For nearly 11 months, our family has been mostly confined to our house. While we have wavered throughout the pandemic about whether the safety measures we keep are adequate, our discernment has never been myopic. From the infancy of these days of isolation, we’ve focused on two things, always trying to prioritize them equally: 1) each other as a household, and 2) the community of which we are a part.


There is a word in the Greek New Testament—koinonia—which encapsulates that notion of community. Koinonia refers to joint participation, people living in mutual fellowship where the blessings and burdens of the one are shared with the whole body. It’s what Paul alludes to in 1 Corinthians 12:12 where the apostle describes the body of Christ, in which there are many parts—all belonging, one unto the other—but one body. Koinonia is a good word to shepherd us through the remainder of this pandemic, and to deliver us from it with less of a desire for what I want to be happy and comfortable, and more of a longing for what we all need to be joyful and at peace.


A woman who lived down the street from us died recently. Respecting her wishes and their own, the woman’s family did not have a memorial service indoors at the church where she was an active member in the interest of the community’s health and wellbeing. Instead, they invited the neighborhood to gather outside on their front yard to celebrate her life. Stacy and I decided to attend.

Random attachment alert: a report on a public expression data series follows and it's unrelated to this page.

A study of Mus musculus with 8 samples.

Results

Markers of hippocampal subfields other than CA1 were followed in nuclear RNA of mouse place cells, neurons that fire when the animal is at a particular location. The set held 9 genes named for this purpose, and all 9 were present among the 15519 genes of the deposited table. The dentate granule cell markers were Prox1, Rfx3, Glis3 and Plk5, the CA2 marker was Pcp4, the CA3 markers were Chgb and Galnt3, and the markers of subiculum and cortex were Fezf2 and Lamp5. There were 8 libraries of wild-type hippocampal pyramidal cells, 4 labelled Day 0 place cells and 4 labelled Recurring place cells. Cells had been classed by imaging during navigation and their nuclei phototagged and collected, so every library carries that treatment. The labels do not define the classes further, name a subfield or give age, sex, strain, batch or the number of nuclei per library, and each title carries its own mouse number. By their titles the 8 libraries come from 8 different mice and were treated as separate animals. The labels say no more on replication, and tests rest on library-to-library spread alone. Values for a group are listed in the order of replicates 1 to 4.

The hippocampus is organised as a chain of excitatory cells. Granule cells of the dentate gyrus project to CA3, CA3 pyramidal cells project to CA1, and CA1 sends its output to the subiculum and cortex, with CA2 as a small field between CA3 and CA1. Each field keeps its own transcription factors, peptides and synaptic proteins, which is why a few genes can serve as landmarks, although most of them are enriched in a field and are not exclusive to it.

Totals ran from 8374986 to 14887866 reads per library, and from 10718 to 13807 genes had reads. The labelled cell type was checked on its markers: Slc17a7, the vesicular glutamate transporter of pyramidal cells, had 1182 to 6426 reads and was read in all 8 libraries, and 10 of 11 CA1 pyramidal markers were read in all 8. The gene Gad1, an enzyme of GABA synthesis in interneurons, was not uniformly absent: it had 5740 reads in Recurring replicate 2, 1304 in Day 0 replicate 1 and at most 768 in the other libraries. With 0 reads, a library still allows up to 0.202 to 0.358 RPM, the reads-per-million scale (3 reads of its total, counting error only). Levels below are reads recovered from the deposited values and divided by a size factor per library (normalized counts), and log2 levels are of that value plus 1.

Everyone was required to wear masks and maintain physical distance from each other. The front yard had plenty of space, but the modest crowd still spilled into the street to give everyone ample space for safety’s sake. The service was brief and sweet. We knew no one there, including the deceased and her family, but we all stood together (if even at a distance), bowed our heads in prayer with one another, and heard words of remembrance about our neighbor whose passing reminded an isolated people, tempted each day in this pandemic to obsess over our own concerns, of the blessing, burden, and beauty of koinonia. There was joy in that moment, and we parted in peace.


One of the hymns I look forward to singing again when we’re able to gather for in-person worship is “Blessed Be the Tie That Binds.” Throughout this pandemic, I’ve kept the third verse of that hymn in my head: “We share each other’s woes, each other’s burdens bear; and often for each other flows a sympathizing tear.” The tears squeezed from our eyes under the weight of the last 11 months are not for that restaurant we want to get back to, or that vacation we’re psyched to take; those tears are for one another and the burdens we bear as a community.